The critically acclaimed Chevrolet Sonic is a strong indication of the paradigm shift at Chevrolet in particular, and General Motors overall. For years, Chevrolet struggled to introduce a credible offering in the subcompact category. With the Sonic, Chevrolet has finally fielded a model fully competitive with every other offering in the class. Additionally, Sonic drives more expensive than its base price would lead you to expect. What’s more, the Chevrolet offers good fuel economy, a generous array of available features, and best of all (if this sort of thing matters to you), it’s built in the United States. No question about it, with Sonic, Chevrolet is firmly holding its own in the subcompact category. New for 2015, 4G LTE WiFi is standard across the entire lineup.
2015 Chevrolet Sonic Quick Spin Review
Offered as either a four-door sedan or a five-door hatchback, Sonic can also claim versatility as one of its attributes. Among its sporty exterior styling details are slightly flared fenders covering tires and wheels pushed out to the extreme corners of the car. “Overhang” is a word with exactly zero relevance to the Chevrolet Sonic. While the little car’s round headlights look like they came from a motorcycle (and yes, this is a good thing), the edge of the hood and the two-tier grille frame provide nice counterpoints. Speaking of the hood, a pair of character lines flow rearward from it to blend perfectly with the A pillars, introducing a sense of movement to the overall design.
A choice of two inline four-cylinder engines feed the front wheels. The base engine is a normally aspirated 1.8-liter, delivering 138 horsepower and 125 ft-lbs of torque. A five-speed manual transmission with a hill-holding feature is standard, while a six-speed automatic is optional. Fuel economy is rated at 26 mpg city/35 highway and 30 combined with the manual, while the automatic is said to be good for 25 city/35 highway and 28 combined.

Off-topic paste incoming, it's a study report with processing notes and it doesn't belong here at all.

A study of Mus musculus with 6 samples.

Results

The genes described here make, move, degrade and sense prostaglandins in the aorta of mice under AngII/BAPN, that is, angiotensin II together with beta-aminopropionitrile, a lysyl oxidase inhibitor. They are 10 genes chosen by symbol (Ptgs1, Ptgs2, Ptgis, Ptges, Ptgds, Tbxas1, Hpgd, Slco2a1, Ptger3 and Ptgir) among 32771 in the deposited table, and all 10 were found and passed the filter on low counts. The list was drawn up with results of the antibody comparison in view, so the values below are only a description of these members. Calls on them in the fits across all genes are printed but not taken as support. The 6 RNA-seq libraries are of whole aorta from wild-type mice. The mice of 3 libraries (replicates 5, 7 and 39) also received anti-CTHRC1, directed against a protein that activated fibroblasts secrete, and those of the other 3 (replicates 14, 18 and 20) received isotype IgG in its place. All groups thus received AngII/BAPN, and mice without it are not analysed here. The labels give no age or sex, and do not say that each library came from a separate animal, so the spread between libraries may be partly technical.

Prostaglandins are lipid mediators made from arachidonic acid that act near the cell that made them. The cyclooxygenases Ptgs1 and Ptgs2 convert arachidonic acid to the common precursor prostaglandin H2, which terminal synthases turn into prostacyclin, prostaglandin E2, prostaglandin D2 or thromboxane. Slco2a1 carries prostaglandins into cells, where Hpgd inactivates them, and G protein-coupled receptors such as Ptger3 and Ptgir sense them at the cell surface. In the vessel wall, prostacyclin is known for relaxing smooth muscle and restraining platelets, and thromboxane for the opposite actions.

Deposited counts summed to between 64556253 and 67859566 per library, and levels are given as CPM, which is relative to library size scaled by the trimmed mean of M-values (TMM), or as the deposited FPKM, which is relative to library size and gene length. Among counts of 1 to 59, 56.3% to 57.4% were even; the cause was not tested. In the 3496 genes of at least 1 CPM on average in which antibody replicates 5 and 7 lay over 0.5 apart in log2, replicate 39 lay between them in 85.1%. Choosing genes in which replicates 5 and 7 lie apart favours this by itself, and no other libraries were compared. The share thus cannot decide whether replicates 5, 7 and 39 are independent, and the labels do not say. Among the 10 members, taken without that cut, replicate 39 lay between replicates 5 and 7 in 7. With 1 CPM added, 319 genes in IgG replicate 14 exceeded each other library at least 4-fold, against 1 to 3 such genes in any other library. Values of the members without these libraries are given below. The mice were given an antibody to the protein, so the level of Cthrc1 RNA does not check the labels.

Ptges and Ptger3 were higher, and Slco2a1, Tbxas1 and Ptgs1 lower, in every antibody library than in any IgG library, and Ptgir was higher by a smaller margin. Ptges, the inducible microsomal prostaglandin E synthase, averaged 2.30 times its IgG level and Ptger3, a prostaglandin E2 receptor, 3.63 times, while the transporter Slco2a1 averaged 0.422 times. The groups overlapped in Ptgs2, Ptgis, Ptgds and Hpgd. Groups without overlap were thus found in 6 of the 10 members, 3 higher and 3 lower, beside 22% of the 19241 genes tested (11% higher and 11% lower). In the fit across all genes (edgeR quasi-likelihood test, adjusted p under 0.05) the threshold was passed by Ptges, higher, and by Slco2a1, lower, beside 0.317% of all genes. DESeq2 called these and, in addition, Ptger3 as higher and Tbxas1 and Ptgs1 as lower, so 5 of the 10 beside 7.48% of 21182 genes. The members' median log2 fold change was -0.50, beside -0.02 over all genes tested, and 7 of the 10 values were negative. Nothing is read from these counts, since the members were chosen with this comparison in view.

The optional engine is a turbocharged 1.4 with 138 horsepower and 148 ft-lbs of torque. The horsepower figure is the same, but the torque figure is greater. The turbocharged engine gets a six-speed manual or a six-speed automatic. Fuel economy with the 1.4 varies because the sportier RS model uses lower gearing to optimize performance.
Sonic LTZ and LT return 29 city/40 highway and 33 combined with the manual; 27 city/37 highway and 31 combined with the automatic. Sonic RS returns 27 city/34 highway and 20 combined with the manual; 25 city/33 highway and 28 combined with the automatic.
Standard safety features include traction and stability control, as well as antilock brakes. It should be noted all Sonic models save the sporty RS and the more upscale “Dusk” trim package use drum brakes in the rear.
Front seat occupants get knee airbags, front seat side-impact airbags, and side curtain airbags. Further, Sonic’s OnStar package provides automatic crash notification, stolen vehicle assistance and remote door unlocking.
Optional safety features include forward collision warning, lane departure warning, and a rear view camera.
NHTSA says Sonic is a five star car overall, while the IIHS says Sonic earned its top (“Good”) rating in all but the small overlap frontal offset crash test. Sonic scored the Institute’s second-worst (“Marginal”) ranking in that admittedly tough to pass test.
Pricing and Features
Sonic sedan starts at $15,070, while the hatchback starts at $15,670. Standard features include automatic headlights, air conditioning, power door locks, remote keyless entry, a height adjustable driver’s seat, Bluetooth handsfree telephony, and 4G LTE WiFi capability. Options include a sunroof, four-wheel disc brakes, Bluetooth audio streaming, a touchscreen interface, and Smartphone app integration.